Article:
Network Rail has announced that it will raise the height of two railway bridges in Pembrokeshire, because they are frequently hit by lorries.
The BBC reported that the organisation will spend £4.25 million to construct new bridges at Haverfordwest and Pembroke Road. Both structures have been hit by lorries in recent years, which struggle to fit under the railway.
As a result, the new bridges will be 30cm higher than their older counterparts and will feature anti-collision beams to improve safety.
Network Rail will begin the work to replace the structures early next year, and thanked motorists and railway users for their patience ahead of the scheme getting underway.
Both structures carry mainline railway services and there will be weekend road closures on Pembroke Road and the A4076 during January and February to complete the core work on the structures.
However, locals are likely to welcome the work if it means fewer delays as a result of accidents. In May, for instance, a lorry’s canopy collapsed after hitting Merlin’s Bridge on the A4076. It caused significant delays and traffic jams in the area, the Western Telegraph reported at the time.
Another incident at the same location last year saw a lorry crush an oncoming car, injuring the driver, after colliding with the bridge. The Pembrokeshire Herald reported that the lorry driver, Mark Antony Jordan, denied the charge of driving dangerously when he appeared before Swansea Crown Court last September.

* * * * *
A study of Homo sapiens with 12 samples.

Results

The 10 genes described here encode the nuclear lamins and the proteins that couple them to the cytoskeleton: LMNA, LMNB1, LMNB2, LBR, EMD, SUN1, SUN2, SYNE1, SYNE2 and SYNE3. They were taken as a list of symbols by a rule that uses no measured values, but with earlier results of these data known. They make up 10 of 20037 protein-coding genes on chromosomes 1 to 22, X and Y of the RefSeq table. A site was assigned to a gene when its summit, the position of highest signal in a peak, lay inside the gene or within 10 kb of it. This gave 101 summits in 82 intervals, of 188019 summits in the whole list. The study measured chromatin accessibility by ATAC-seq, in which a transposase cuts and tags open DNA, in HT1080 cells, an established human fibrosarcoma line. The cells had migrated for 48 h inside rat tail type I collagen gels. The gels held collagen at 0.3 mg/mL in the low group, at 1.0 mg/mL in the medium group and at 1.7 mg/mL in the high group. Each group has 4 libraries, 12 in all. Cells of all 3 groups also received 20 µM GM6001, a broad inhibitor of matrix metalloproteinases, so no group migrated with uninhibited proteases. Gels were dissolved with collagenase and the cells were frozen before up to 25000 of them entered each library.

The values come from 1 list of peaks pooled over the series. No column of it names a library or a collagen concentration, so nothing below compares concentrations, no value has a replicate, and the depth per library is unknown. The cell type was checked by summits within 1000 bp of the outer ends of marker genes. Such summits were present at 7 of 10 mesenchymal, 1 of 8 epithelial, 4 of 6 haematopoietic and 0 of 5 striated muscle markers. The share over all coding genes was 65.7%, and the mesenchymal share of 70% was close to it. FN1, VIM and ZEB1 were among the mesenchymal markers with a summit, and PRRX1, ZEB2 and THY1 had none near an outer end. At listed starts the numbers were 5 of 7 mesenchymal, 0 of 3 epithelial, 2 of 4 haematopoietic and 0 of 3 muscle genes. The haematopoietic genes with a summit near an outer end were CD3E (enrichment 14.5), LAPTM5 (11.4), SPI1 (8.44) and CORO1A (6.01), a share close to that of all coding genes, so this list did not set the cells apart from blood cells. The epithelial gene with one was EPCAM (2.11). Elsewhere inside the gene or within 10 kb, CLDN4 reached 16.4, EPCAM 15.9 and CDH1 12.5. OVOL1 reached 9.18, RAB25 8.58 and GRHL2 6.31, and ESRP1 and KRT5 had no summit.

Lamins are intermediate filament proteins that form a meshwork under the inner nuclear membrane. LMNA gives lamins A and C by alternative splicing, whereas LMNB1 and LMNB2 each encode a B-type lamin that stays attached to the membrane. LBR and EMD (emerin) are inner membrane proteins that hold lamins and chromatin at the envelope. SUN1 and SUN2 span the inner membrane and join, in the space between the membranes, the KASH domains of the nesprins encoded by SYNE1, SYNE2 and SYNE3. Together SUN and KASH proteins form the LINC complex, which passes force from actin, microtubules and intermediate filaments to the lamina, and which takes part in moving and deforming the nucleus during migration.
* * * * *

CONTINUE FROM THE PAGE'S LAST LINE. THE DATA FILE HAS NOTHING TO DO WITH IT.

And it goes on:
These are just a couple of the more recent incidents to have occurred on this stretch of road.
Network Rail will be hosting drop-in events for local business owners and residents to explain more about the bridge works and when they will be taking place.
Scheme project manager Rhys Howells spoke to the BBC, commenting: “We understand closing these roads for any length of time is inconvenient and we would like to thank the community for their patience and support in advance.”
It is important for Network Rail to find ways, such as bridge jacking, structural strengthening and repair, to reduce the risk of accidents occurring around railway bridges.
The organisation has even launched a campaign called ‘Check It Don’t Chance It’ to encourage drivers of larger vehicles to make sure they can fit under railway bridges before they choose a particular route.
According to Network Rail, HGVs and buses are responsible for the majority of bridge strikes in the UK. Each incident costs an average of £13,000 to repair, which adds up to around £23 million of taxpayers’ money being spent each year dealing with these incidents.
Research by the organisation has found that 43 per cent of lorry drivers admit they don’t measure their vehicles before setting out, and just over half fail to take low bridges into account when planning a route.
The bridge that has been struck the most times in the past 12 months is located in Cambridgeshire, with 32 collisions happening at the A142 Stuntney Road bridge. Of the top five bridges where most bridge strikes occur, two are in Cambridgeshire.